BWW Reviews: Do You Believe in Magic? THE TEMPEST at Portland Shakespeare Project

BWW Reviews: Do You Believe in Magic? THE TEMPEST at Portland Shakespeare Project

I'm generally annoyed by plays that require lots of stagecraft to get their point across. If you've got good actors, they can get you to believe in whatever you're supposed to believe in, regardless of whether it actually appears on the stage. Think of Peter Pan, in which Tinkerbell appears only as a bright light, or the musical Titanic, in which we we watch the passengers preparing to board the ship - but we never actually see the ship. Theater is about illusion and the suspension of disbelief. If the actors believe in what they're saying, the audience follows along.

The Tempest is all about magic. Prospero and his daughter have been marooned on an island for twelve years, and during that time Prospero has taken charge of a sprite named Ariel. Between them they arrange a shipwreck, a romance, and a lot of other mischief, all in the name of Prospero getting back at his enemies and Ariel regaining freedom. In this production, Prospero is a woman (Prospera) and several of the other roles normally played by women are played by men, which makes the relationships more interesting and believable...but the magic never arrives.

Linda Alper's Prospera isn't angry enough. She enumerates the wrongs done to her by her sister, the king, and a number of others, and uses her talents to bring about a storm, wrecking the ship carrying all of her enemies and leaving them at her mercy. But even as she's listing all of their sins, she seems more tired and fed up than truly angry, not nearly emotional enough to cause all this craziness. Alper is a gifted acress who has the tragicomic talent of someone like Andrea Martin, and I've loved her in other roles, but she doesn't have the fire here. The entire production seems far too calm, and director Michael Mendelson only gets the energy going when the drunkards Stephano and Trinculo are plotting to kill Prospera, abetted by the native Caliban, who's been under Prospera's thumb for quite a while. Sam Dinkowitz and Nathan Dunkin are way over the top as Stephano and Trinculo, but their broadness is appreciated; they alone seem to understand they're playing for an audience.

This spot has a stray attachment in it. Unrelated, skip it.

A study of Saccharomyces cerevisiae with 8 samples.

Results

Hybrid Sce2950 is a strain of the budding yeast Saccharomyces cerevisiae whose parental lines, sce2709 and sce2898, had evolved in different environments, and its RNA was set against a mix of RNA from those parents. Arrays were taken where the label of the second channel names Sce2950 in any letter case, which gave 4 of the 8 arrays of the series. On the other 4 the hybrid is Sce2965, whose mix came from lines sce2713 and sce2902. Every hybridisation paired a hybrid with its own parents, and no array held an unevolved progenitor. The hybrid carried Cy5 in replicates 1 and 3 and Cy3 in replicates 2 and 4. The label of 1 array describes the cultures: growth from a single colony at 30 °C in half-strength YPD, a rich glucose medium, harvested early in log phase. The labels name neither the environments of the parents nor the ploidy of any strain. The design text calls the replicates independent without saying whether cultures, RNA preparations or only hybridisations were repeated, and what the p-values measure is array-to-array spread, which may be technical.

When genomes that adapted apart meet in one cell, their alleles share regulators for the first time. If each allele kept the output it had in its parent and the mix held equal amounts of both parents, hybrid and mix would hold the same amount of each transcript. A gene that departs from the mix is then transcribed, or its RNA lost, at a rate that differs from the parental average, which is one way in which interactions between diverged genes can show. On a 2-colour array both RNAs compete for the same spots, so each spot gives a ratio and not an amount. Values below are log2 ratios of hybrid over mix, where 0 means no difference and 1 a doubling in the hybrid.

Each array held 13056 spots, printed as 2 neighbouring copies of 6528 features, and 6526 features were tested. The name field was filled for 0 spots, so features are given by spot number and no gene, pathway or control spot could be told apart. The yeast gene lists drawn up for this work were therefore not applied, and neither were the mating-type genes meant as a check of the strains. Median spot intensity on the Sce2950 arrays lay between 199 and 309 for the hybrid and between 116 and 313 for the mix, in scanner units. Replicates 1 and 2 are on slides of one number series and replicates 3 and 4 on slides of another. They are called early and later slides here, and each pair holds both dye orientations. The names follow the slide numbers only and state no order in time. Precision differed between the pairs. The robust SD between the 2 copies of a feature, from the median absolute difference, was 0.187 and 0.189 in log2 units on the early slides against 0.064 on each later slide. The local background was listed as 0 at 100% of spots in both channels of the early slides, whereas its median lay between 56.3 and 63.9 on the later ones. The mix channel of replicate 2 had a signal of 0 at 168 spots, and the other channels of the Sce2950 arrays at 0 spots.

The remainder of the cast do what they can with their minor roles, but none really seem to build the emotions necessary to break through the low-key nature of the show. As Ariel, Mike Dunay runs on and off stage as a sprite should, dancing about and making merry; he manages to make a strong connection with Alper, and we're sad when he finally leaves the stage. And special mention has to go to Matthew Kerrigan as Caliban, who's dressed like a refugee from an '80s hair metal video and walks with his legs spread throughout the show. It's an amazing display of focus and talent, and he deserves a role that takes true advantage of his skills.

Nathan Crone's set reminded me (in a positive way) of The Flintstones, a cartoonish, primitive landscape designed to give sprites and magicians a jumping-off point. Kristeen Willis Crosser lights the set beautifully, setting mood in a way that heightens the sense of something magic to come. Likewise, Sharath Patel's sounds and music are just right, and Sarah Gahagan's distressed finery suits the characters well, particularly Ariel's indescribable outfit.

All the elements were there: a talented cast, a fine crew, a group of gifted designers, and an audience ready for magic. Yet somehow the magic didn't appear this time. And that is the reality of theater.